Offshore corporations explained

Offshore corporations under attack

Incorporation strategies for today

Alternative corporate tax havens

Offshore corporations in a changing offshore world. Alternative tax havens and offshore strategies. Offshore corporations in a changing offshore world. Alternative tax havens and offshore strategies.

United States

• Limited Liability Corporation (LLC)
• Not perceived as offshore company
• No US tax liability for non-residents


It is of course the ultimate irony that the United States of America is one of the best tax havens in the world.

The United States, for instance, does not tax interest on bank deposits held by foreigners, nor surprisingly does it impose any reporting requirements with the exception of deposits held by Canadians. (This has been the subject of a three-year battle between lobbyists and the tax man on the Capitol Hill.)

The USA also provides us with an inexpensive corporate vehicle that is not only tax free -- it is a tax non-entity. It is the Limited Liability Corporation, or LLC for short.

A Limited Liability Corporation is a fusion of two distinct business entities: a limited corporation and a partnership. An LLC is similar to a standard corporation in that it provides the protection of limited liability to its owners. What sets the LLC apart from other corporate forms is how it is taxed.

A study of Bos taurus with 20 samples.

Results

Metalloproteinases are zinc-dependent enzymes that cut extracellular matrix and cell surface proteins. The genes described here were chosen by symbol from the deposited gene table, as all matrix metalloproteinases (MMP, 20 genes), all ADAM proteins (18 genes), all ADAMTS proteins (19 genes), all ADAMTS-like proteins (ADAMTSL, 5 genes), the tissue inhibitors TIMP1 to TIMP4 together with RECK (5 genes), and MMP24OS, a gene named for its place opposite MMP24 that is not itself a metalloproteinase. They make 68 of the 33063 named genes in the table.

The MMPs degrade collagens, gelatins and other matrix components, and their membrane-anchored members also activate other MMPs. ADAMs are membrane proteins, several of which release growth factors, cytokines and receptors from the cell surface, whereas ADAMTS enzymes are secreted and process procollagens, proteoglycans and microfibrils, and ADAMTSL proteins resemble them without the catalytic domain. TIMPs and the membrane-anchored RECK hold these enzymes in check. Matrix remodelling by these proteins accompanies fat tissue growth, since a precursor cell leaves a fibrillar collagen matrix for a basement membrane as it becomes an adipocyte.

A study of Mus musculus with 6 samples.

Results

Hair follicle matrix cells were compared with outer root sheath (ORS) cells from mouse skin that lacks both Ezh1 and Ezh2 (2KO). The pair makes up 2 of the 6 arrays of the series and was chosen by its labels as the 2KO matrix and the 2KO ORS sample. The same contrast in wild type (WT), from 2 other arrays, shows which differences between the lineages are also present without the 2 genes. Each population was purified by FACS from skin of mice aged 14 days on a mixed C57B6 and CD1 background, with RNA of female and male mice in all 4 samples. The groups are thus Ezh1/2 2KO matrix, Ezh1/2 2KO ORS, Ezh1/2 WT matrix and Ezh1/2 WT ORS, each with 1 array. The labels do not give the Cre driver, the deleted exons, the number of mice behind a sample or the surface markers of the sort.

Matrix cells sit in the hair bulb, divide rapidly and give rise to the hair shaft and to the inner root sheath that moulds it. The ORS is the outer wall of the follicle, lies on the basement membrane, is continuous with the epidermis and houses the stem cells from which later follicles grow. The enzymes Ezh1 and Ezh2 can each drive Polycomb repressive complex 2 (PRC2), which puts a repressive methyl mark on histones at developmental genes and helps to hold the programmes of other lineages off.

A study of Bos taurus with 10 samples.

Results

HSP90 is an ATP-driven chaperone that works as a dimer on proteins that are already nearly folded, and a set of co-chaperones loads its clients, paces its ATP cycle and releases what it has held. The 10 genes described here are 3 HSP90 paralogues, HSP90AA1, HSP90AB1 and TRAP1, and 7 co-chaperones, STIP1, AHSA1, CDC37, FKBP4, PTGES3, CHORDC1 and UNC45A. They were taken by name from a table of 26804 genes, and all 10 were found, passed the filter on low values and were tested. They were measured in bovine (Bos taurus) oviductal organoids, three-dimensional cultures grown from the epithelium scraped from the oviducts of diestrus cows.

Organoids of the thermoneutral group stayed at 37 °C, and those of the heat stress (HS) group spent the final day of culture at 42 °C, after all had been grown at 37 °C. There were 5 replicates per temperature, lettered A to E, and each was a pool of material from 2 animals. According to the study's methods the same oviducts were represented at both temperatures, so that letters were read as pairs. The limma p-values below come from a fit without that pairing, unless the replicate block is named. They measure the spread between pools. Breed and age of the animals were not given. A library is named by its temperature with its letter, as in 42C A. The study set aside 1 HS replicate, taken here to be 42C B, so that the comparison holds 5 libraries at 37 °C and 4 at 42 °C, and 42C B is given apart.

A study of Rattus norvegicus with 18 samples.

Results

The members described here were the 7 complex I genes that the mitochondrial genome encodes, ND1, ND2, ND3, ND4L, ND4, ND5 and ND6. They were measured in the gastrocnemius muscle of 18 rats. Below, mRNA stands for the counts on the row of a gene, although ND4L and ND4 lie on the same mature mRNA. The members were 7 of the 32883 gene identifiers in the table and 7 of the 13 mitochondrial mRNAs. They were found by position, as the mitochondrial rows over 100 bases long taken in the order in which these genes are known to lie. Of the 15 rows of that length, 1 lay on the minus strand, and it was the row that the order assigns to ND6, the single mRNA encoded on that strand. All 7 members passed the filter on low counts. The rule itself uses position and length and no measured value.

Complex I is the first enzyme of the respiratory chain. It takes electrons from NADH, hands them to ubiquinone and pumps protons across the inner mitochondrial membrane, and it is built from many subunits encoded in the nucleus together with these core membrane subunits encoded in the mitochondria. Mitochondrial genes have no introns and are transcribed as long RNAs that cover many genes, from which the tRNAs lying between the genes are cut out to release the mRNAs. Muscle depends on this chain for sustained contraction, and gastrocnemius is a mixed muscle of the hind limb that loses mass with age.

Standard corporations are taxed separately from their owners at corporate tax rates. LLCs, on the other hand, are treated as partnerships (or sole proprietorships) for the purpose of taxation: income is not taxed at the business entity level at all. Instead, individual LLC members are expected to pay tax on whatever share of the LLC's profit is distributed to them.

As a consequence, foreign-owned and managed LLCs do not give rise to any US tax liability whatsoever.

American LLCs can be formed by persons of any nationality. One-person LLCs (sole director/owner) are possible.

LLCs are available all over the United States, but Delaware, Wyoming and Nevada are the three favoured states of non-Americans incorporating US LLCs. Delaware has perhaps the most flexible corporate regime of all the US states -- the state has made a business of incorporating companies since early in the 20th century.

Although an LLC must maintain a registered office in the state of incorporation, it can be managed and conduct business anywhere in the world. Of course, it is sensible for an LLC to refrain from doing business with companies or individuals inside the United States if it is to maintain the benefit of non-existent US tax liability.

An LLC can open a bank account anywhere in the world with relative ease; after all, its place of incorporation is the reputable United States and not some high-profile, "suspect" tax haven.